The speech became widely known during the Civil War by the title "Ain't I a Woman?
," a variation of the original speech re-written by someone else using a stereotypical Southern dialect; whereas Sojourner Truth was from New York and grew up speaking Dutch as her first language.
While in New York, she befriended Mary Simpson, a grocer on John Street who claimed she had once been enslaved by George Washington.
She had to leave her other children behind because they were not legally freed in the emancipation order until they had served as bound servants into their twenties.
She found her way to the home of Isaac and Maria Van Wagenen, who took her and her baby in.
Truth had a life-changing religious experience during her stay with the Van Wagenens, and became a devout Christian.
In 1829 she moved with her son Peter to New York City, where she worked as a housekeeper for Elijah Pierson, a Christian Evangelist.
During the Civil War, Truth helped recruit black troops for the Union Army; after the war, she tried unsuccessfully to secure land grants from the federal government for former slaves.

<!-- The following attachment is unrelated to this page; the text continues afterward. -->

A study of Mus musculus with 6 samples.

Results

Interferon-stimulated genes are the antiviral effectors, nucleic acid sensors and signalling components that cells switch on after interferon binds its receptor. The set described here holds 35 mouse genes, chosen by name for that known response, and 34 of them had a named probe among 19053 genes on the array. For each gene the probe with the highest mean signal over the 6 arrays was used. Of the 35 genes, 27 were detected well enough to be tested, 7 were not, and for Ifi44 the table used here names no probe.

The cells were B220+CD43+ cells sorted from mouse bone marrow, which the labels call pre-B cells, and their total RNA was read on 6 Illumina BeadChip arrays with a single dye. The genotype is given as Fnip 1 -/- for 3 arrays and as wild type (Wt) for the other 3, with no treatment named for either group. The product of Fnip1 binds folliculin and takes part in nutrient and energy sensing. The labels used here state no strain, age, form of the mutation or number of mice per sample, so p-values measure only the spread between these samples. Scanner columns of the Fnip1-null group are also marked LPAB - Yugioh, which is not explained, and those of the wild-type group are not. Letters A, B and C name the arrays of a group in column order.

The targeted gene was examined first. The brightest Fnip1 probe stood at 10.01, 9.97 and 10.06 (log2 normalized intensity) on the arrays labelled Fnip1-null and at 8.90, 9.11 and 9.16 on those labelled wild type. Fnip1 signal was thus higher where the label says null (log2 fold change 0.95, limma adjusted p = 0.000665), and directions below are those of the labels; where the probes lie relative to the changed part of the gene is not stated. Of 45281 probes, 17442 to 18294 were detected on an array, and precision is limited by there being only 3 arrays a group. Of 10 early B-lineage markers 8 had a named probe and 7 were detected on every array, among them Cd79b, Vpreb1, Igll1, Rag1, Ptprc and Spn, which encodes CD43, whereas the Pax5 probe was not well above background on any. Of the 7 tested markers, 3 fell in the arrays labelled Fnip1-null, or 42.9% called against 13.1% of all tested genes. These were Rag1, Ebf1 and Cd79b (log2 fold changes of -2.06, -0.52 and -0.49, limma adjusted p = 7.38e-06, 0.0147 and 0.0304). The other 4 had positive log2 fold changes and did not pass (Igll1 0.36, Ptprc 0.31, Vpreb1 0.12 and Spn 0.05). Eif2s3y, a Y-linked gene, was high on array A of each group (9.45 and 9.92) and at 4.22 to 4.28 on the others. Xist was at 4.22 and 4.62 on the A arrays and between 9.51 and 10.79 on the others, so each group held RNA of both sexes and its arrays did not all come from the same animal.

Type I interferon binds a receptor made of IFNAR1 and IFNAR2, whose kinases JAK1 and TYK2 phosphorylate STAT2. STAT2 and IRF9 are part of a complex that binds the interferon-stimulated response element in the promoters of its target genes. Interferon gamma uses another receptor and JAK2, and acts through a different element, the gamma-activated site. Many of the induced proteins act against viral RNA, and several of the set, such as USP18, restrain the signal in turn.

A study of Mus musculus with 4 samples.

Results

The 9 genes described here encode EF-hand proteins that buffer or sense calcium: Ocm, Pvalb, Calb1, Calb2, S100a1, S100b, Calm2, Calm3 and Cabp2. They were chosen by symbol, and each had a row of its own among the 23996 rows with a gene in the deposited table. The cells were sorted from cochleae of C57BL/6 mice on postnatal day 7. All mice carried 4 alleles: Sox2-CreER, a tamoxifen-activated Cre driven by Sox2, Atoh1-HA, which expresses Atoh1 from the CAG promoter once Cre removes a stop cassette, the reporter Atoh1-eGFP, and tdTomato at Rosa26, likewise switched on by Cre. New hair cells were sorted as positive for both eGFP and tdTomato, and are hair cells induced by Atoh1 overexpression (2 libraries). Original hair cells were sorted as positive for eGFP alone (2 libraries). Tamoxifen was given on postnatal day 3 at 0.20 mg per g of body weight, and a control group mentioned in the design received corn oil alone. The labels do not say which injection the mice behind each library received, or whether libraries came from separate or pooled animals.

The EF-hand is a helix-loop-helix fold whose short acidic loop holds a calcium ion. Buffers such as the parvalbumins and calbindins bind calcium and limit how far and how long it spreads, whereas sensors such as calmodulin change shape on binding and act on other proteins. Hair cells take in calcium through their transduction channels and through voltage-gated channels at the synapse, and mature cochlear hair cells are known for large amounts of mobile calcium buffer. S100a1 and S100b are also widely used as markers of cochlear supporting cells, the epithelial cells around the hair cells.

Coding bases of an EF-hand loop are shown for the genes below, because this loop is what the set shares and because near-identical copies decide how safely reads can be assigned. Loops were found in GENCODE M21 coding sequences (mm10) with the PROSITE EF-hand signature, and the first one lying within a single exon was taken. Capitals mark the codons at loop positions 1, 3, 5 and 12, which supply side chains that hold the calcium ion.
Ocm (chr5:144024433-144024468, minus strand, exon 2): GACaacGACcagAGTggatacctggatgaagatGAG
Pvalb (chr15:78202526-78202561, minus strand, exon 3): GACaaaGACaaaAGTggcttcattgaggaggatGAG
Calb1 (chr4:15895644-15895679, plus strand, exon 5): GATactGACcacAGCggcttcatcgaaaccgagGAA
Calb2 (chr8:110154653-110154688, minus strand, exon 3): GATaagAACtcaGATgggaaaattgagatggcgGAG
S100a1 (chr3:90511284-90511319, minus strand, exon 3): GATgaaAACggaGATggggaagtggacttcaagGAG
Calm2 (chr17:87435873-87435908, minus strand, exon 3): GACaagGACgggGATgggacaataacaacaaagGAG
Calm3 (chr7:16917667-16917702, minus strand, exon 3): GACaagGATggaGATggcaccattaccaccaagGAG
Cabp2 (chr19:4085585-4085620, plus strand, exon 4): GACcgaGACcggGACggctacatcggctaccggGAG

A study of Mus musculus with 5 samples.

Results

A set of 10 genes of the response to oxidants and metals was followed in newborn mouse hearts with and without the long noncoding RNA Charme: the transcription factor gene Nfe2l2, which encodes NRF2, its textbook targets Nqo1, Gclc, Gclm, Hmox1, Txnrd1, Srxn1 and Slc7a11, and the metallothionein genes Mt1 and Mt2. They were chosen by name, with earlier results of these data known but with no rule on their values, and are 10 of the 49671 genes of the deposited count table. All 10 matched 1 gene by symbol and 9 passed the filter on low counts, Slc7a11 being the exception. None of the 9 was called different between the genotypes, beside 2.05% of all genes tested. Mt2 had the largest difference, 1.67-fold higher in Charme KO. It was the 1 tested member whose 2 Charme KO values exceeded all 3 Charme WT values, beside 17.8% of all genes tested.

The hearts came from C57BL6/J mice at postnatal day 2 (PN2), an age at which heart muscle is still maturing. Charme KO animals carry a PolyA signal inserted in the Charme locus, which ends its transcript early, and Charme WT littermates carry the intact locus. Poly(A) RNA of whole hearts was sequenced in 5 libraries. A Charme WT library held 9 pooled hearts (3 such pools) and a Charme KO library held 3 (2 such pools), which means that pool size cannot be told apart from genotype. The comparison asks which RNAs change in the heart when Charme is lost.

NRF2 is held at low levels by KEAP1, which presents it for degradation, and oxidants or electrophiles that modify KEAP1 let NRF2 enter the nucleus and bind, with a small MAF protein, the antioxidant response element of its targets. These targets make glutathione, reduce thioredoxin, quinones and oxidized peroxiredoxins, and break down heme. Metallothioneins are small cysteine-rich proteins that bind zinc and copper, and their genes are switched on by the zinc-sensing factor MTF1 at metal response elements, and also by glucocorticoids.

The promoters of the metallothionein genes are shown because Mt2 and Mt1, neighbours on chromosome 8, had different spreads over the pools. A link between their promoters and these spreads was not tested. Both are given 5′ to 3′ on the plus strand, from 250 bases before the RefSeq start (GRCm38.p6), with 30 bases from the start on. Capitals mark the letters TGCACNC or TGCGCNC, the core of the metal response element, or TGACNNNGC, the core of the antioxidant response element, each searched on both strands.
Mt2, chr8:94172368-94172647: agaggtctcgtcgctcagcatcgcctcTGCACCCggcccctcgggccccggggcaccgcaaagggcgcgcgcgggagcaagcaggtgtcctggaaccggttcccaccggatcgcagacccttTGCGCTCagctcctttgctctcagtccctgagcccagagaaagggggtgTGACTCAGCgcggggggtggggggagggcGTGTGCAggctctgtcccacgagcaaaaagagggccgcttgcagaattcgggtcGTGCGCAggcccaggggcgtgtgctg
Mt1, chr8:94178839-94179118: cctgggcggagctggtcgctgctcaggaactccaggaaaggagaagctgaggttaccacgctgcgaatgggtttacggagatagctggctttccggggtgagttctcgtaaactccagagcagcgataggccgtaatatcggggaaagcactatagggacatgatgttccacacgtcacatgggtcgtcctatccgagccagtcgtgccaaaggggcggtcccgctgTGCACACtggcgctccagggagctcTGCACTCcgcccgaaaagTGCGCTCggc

In 2014, Truth was included in Smithsonian magazine's list of the "100 Most Significant Americans of All Time".
She gave herself the name Sojourner Truth in 1843 after she became convinced that God has called her to leave the city and go into the countryside "testifying the hope that was in her." Her best-known speech was delivered extemporaneously, in 1851, at the Ohio Women's Rights Convention in Akron, Ohio.
She was infuriated but continued working, spinning 100 pounds of wool, to satisfy her sense of obligation to him.